Sarah Laing provides an update on the dividend tax regime, following recent important changes to the rules.
From 6 April 2016, the dividend tax credit was replaced with a new dividend allowance and the rates of income tax payable on dividends changed. This article looks at the new rules.
Legislation is included in Finance Bill 2016 to implement a new 0% rate (or ‘dividend allowance’) for dividend income received by individuals, as well as changing the rates of tax for dividend income.
Although the Bill has not received Royal Assent at the time of writing, if enacted, the changes will apply from 6 April 2016. Broadly, the new nil rate will apply to the first £5,000 of a person's dividend income and will be available annually. From 6 April 2016, UK residents pay tax on any dividends received over the £5,000 allowance at the following rates:
- 7.5% on dividend income within the basic rate band;
- 32.5% on dividend income within the higher rate band; and
- 38.1% on dividend income within the additional rate band.
Dividends received on shares held in an Individual Savings Account (ISA) continue to be tax free.
How it works
The introduction of the new allowance seems likely to incentivise businesses to incorporate and make payments as dividends rather than as wages simply to reduce their tax bill, in turn assisting the Government with its plan to reduce the rate of corporation tax in the coming years – as announced at Budget 2016, the main rate of corporation tax is expected to be reduced from its current rate of 20% to 17% by 2020. The overall policy objective is that only those with significant dividend income, or those who are able to pay themselves dividends in place of wages, will pay more tax. It is estimated that around one million individuals will pay less tax on their dividend income due to the new dividend allowance.
The dividend allowance will apply to dividends received from UK resident and non-UK resident companies. Dividend income that is within the dividend allowance (and savings income within the new savings allowance) will still count towards an individual’s basic or higher rate limits - and may therefore affect the level of savings allowance that they are entitled to, and the rate of tax that is due on any dividend income in excess of this allowance.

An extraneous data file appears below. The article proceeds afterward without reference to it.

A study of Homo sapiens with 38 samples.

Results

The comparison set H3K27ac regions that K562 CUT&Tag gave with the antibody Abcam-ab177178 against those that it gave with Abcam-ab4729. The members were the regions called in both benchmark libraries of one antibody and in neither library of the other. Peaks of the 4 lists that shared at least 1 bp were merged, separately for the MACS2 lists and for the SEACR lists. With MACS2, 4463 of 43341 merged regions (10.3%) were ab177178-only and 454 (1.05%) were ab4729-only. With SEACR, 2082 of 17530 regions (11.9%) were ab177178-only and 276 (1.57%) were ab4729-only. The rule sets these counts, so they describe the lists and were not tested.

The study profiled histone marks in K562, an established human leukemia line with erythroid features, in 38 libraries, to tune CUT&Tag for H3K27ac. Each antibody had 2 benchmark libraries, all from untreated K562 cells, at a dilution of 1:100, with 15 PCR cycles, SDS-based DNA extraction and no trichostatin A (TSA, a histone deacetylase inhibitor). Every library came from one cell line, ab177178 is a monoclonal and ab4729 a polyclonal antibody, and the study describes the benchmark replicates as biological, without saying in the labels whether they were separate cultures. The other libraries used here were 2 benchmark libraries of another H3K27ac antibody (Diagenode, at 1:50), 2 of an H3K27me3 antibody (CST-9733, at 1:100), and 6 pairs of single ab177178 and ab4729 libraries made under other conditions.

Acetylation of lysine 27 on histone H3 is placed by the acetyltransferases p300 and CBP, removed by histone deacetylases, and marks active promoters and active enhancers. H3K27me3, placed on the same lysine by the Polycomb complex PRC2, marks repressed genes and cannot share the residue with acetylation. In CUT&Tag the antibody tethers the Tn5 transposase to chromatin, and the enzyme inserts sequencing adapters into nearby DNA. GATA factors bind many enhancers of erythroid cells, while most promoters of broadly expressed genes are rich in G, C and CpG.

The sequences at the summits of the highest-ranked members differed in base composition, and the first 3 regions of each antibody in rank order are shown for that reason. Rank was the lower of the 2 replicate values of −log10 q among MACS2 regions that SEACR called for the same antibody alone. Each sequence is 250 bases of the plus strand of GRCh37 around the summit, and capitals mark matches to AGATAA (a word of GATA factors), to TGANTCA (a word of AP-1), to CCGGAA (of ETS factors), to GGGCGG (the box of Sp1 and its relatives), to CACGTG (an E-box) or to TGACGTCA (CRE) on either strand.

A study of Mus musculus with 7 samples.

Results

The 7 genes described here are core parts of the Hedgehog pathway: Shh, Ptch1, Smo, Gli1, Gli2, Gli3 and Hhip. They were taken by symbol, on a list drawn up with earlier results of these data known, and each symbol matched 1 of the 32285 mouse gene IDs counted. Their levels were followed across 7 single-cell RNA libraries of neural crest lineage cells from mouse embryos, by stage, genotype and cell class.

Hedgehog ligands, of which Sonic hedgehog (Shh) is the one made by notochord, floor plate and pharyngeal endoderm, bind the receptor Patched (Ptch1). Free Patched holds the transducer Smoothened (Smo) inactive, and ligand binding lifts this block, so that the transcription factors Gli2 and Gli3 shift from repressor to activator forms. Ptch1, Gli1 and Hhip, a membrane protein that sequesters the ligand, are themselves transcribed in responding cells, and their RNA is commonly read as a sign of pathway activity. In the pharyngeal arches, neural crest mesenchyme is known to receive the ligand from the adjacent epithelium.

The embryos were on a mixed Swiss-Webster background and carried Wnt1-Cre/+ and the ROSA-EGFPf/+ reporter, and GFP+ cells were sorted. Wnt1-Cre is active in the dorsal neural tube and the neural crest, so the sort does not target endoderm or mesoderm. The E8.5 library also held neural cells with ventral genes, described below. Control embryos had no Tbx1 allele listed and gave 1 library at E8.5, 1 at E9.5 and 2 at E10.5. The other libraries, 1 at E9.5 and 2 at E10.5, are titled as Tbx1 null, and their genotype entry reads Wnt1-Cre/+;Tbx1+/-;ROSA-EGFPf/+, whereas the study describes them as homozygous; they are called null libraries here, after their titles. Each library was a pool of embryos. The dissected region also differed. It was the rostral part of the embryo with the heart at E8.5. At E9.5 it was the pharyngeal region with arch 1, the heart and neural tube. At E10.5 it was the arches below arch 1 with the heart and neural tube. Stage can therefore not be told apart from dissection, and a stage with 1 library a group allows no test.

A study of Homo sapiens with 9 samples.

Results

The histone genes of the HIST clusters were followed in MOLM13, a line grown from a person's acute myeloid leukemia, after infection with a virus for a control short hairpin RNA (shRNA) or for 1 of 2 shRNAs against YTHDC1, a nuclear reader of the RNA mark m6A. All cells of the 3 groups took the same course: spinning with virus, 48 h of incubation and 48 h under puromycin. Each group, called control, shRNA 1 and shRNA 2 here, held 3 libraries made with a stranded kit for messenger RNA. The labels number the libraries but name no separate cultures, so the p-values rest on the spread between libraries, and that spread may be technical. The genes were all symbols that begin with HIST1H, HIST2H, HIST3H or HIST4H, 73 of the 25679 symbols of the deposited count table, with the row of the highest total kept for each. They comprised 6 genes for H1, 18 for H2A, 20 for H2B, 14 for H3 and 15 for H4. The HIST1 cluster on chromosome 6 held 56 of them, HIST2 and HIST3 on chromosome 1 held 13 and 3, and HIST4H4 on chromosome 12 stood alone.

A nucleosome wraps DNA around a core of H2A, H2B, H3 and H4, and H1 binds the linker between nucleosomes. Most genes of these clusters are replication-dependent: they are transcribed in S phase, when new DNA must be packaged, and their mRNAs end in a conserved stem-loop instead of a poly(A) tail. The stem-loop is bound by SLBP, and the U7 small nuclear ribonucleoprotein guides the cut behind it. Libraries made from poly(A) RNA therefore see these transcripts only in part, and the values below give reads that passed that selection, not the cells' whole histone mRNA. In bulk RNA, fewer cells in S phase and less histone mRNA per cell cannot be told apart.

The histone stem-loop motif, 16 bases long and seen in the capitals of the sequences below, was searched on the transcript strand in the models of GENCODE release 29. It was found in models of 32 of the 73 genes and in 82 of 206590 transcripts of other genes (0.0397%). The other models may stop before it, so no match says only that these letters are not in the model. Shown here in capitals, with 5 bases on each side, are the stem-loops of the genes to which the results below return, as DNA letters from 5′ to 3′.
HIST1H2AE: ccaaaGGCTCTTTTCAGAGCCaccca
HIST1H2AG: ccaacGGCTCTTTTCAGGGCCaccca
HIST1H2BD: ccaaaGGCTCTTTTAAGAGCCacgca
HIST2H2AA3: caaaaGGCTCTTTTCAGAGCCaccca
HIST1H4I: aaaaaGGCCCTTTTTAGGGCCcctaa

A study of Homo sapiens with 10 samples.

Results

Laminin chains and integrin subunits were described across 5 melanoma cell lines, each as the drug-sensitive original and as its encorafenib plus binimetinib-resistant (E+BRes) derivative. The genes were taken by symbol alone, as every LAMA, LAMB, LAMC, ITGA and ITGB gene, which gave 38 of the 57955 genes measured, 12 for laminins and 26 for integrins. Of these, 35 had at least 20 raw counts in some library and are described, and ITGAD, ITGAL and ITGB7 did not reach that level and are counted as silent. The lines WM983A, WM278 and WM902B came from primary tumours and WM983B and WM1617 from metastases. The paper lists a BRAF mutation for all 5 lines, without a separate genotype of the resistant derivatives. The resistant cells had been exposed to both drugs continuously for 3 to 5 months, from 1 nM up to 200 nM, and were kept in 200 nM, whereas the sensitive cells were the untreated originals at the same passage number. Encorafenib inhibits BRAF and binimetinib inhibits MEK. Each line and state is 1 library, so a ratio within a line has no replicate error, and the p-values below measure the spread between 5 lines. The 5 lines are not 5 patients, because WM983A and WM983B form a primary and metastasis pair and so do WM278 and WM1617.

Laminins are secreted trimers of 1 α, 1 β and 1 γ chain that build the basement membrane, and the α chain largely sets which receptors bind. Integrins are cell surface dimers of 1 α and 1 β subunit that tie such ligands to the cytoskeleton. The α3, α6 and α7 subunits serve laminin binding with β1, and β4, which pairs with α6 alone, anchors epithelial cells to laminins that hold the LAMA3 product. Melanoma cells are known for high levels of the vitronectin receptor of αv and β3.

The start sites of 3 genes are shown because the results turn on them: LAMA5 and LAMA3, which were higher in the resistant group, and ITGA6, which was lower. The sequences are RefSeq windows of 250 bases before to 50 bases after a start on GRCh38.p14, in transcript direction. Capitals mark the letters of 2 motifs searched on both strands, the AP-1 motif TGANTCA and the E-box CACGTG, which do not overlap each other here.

In calculating into which tax band any dividend income over the £5,000 allowance falls, savings and dividend income are treated as the highest part of an individual's income. Where an individual has both savings and dividend income, the dividend income is treated as the top slice.
Dividend tax credit
Alongside the introduction of the new dividend rates and the dividend allowance, legislation included in Finance Bill 2016 also abolishes the dividend tax credit, which formerly attached to a dividend when it was paid.
Impact of changes
According to current Government estimates, 95% of all taxpayers, and more than three quarters of all those who receive dividend income, will either gain, or be unaffected by, the changes.
The majority of non-taxpayers and basic rate taxpayers do not currently need to inform HMRC of their dividend income. From April 2016, individuals who receive dividend income of between £5,001 and £10,000, and who need to pay tax on those dividends at the basic rate, will have to inform HMRC of their dividend income for the first time. This number is estimated to be fewer than 15,000 individuals, because those with more than £10,000 of dividend income already fall inside the self-assessment rules.
Around two million individuals are expected to have some tax to pay on their dividend income after April 2016, compared to 1.8 million if these reforms had not been put in place. This tax will be collected automatically through PAYE in most cases, but all taxpayers need to be aware of their reporting obligations.
Individuals in receipt of dividend income who will fall into the self-assessment regime for the first time, will need to notify HMRC accordingly. Self-assessment returns for the 2016-17 tax year need to be submitted by 31 January 2018.
This article was first printed in Tax Insider in October 2016.